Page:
Speech is one of the defining marks of humanhood. It is the interface of our social and societal relationships, and the baton through which individuals and generations pass information and knowledge from one to the other. Yet, how our species — and our species alone — developed such a powerful method of communication remains unclear.
Perhaps chief among the necessary tools for speech is voice control. That is, the uniquely advanced ability to engage our vocal folds to produce sounds at will, as opposed to the reflexive screams and cries that other animals produce as automatic responses to changes in their environment and physiology.
Scientists long thought that the capacity of great apes to control their voice was just as limited as that of their fellow mammals. But recent evidence suggests that these views were misguided.
For instance, great apes can mimic the rhythm of speech, producing babbling vocalizations that could easily be confused with those of a Disney cartoon character. They can also match the pitch of a human voice. Such feats would be impossible if great apes could not deploy and use their voice on command in similar ways to us.
To find out more about these abilities, we gave captive orangutans at the Indianapolis Zoo the opportunity to play a membranophone — a class of musical instrument that includes the kazoo.
Kazoos and other membranophones are unique in that despite their resemblance to a flute or a whistle, merely blowing a constant stream of air into them produces no sound. To activate the instrument, the player must hum or talk into the kazoo. This is because it is the bursts of air produced by our vocal folds opening and closing when we vocalize that make the membrane of the instrument vibrate, and the instrument play.
In our study, some of the orangutans activated the kazoo within minutes, producing sounds of varying pitches and durations in response to kazoo demonstrations by the human experimenters. The speed with which these orangutans changed the quality of their voices shows that they were producing the sounds at will, rather than through training — which, as any dog trainer will reassert, requires months of reflex building and conditioning.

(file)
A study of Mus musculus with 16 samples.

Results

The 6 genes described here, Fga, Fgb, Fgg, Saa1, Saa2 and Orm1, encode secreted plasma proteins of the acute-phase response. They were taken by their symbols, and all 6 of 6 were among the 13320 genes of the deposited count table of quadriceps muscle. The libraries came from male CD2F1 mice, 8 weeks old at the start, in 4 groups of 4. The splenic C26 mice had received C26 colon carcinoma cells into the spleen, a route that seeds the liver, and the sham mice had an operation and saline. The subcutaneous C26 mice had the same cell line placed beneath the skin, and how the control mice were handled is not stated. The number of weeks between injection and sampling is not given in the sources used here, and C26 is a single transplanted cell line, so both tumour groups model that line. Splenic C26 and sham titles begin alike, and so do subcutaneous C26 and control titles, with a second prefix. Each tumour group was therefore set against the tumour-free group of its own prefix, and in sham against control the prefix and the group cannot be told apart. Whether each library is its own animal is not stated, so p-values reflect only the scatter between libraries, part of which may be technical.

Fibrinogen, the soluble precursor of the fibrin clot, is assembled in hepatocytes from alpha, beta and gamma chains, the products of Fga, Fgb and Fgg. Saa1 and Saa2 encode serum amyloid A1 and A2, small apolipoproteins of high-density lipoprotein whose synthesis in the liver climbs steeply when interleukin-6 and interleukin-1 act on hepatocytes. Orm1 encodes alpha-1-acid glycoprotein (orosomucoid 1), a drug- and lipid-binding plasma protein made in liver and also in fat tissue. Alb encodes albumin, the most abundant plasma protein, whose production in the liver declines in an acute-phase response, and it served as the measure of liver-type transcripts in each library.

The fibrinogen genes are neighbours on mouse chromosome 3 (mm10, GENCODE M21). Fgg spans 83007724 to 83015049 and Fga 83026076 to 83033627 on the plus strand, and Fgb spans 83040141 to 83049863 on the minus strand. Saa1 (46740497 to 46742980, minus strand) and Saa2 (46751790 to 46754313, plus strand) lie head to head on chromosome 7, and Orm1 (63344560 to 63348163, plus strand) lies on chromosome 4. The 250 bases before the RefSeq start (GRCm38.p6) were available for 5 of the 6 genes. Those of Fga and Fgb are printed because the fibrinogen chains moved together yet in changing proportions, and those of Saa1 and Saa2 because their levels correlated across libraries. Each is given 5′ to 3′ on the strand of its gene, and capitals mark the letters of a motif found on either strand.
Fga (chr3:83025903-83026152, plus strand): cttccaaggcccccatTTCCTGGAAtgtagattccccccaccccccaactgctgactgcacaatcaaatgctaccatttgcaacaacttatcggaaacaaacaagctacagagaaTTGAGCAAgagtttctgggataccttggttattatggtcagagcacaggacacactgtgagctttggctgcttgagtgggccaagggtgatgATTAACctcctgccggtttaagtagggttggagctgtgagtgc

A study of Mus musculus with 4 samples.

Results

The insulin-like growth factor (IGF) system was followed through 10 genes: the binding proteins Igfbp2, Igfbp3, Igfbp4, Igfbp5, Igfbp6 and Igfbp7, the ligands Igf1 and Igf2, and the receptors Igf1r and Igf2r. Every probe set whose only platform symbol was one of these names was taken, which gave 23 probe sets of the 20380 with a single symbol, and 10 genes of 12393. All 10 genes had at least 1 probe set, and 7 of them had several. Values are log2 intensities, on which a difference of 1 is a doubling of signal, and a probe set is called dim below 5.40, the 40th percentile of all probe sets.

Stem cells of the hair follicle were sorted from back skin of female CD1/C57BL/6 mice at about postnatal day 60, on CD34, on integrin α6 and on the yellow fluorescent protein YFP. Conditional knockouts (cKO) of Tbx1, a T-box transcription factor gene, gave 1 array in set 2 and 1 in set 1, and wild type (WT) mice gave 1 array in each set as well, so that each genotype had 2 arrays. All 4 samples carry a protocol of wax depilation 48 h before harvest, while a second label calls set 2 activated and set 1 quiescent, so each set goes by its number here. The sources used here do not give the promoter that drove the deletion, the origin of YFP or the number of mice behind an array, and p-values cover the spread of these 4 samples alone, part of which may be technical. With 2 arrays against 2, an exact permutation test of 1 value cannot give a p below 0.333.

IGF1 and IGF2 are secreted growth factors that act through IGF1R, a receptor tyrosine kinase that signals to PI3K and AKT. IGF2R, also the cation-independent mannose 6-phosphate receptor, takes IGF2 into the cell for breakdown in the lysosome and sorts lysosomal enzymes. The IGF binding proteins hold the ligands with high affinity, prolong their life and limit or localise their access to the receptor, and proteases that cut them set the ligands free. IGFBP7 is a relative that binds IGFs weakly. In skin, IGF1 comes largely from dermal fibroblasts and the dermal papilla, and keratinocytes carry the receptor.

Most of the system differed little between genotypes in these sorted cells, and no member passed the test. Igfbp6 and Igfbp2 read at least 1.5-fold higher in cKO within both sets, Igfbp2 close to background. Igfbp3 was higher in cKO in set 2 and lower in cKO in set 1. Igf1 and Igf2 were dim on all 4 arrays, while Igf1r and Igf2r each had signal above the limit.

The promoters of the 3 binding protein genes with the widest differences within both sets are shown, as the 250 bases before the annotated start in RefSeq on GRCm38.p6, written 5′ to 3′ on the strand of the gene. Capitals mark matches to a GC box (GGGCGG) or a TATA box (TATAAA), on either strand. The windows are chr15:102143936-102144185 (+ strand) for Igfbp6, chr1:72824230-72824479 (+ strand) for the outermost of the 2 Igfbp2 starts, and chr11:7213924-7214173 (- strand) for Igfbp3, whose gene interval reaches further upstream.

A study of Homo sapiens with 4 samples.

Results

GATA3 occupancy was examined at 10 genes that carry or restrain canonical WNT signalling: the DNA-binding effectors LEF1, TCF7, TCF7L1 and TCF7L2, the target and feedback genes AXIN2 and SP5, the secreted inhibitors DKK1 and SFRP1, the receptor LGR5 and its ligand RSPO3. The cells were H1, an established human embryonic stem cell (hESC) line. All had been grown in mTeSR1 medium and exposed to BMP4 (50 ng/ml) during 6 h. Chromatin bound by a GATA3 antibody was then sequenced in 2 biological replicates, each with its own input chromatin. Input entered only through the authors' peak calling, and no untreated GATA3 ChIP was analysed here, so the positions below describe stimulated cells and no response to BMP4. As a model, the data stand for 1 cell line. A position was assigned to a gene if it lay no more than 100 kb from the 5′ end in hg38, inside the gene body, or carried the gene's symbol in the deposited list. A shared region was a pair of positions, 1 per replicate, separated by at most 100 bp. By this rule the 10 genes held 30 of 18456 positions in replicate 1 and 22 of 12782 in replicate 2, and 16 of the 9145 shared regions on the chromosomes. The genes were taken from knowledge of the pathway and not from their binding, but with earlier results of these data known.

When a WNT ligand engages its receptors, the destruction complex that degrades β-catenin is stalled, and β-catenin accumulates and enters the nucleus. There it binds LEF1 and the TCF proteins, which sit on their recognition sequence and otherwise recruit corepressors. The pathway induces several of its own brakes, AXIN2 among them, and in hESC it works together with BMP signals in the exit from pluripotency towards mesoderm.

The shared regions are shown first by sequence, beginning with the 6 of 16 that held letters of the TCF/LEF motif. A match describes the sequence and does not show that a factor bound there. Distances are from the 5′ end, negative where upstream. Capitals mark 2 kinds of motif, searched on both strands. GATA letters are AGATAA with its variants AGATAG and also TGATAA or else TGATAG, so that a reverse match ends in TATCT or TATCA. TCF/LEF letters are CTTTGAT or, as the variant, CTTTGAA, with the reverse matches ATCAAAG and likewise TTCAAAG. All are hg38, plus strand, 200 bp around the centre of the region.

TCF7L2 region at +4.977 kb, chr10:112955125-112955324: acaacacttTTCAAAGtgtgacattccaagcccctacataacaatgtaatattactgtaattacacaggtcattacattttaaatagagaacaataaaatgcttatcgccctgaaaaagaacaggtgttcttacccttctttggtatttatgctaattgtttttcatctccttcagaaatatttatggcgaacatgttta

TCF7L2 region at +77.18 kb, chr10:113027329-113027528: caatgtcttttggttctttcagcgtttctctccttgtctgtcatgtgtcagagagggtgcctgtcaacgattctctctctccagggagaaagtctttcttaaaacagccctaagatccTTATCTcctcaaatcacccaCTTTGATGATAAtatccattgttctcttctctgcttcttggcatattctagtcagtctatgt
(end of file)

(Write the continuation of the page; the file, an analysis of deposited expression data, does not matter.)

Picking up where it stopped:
These findings show that orangutan voice control lags not far behind that of humans. They confirm that the vocal abilities of great apes have been largely underestimated.
That only some of the orangutans managed to play the kazoo shows us that the capacity and/or motivation to demonstrate vocal control differs between individuals. So one great ape can never be representative of the vocal abilities of a whole species. To understand the vocal control of apes further, scientists should develop tests tailored to match each individual ape’s limitations and drive. This won’t be a surprise to parents, teachers and linguistic therapists, who know that children develop speech at different rates and manners, despite sharing virtually the same environment.
Although precise tests such as these are possible only in controlled settings with voluntary participation from captive individuals, evidence suggests that wild orangutans also use vocal control in their natural environment to communicate and pass information between individuals and generations.
For example, wild orangutans can modify their alarm calls with hands and leaves to make them sound bigger, depending on how dangerous the predator they encounter is. Wild chimpanzees are more likely to produce snake alarm calls when group members are unaware of the threat and selectively inform high-ranking group members that food is available — both indicators of intentional control of vocalizations.
More recently, I showed that wild orangutan mothers delay signaling alarm calls in response to predators until there is no danger, informing their infants of the danger that just passed through the forest floor below. Such an ability indicates not only some degree of vocal control, but also another prerequisite for speech — the ability to communicate about the past.
Understanding the extent to which great apes can “speak” offers clues as to how and when the various skills required for full-blown speech emerged in our evolutionary lineage. Scientists previously thought that great apes didn’t have the required brain circuitry. Now, it seems that they do. The question now is why our species used the past few million years to hone these neural capabilities, but our close cousins didn’t — or weren’t able to.
Having spent much time around orangutans, I’m certain that they possess a great many more skills and abilities than current science gives them credit for. They are truly fascinating and intelligent creatures, and we must make every effort to conserve and protect them and their habitat — not just to better understand our place in the natural world, but as a mark of respect for theirs.
Adriano Reis e Lameira is an assistant professor in the Department of Psychology at the University of Warwick. This report was originally published on theconversation.com.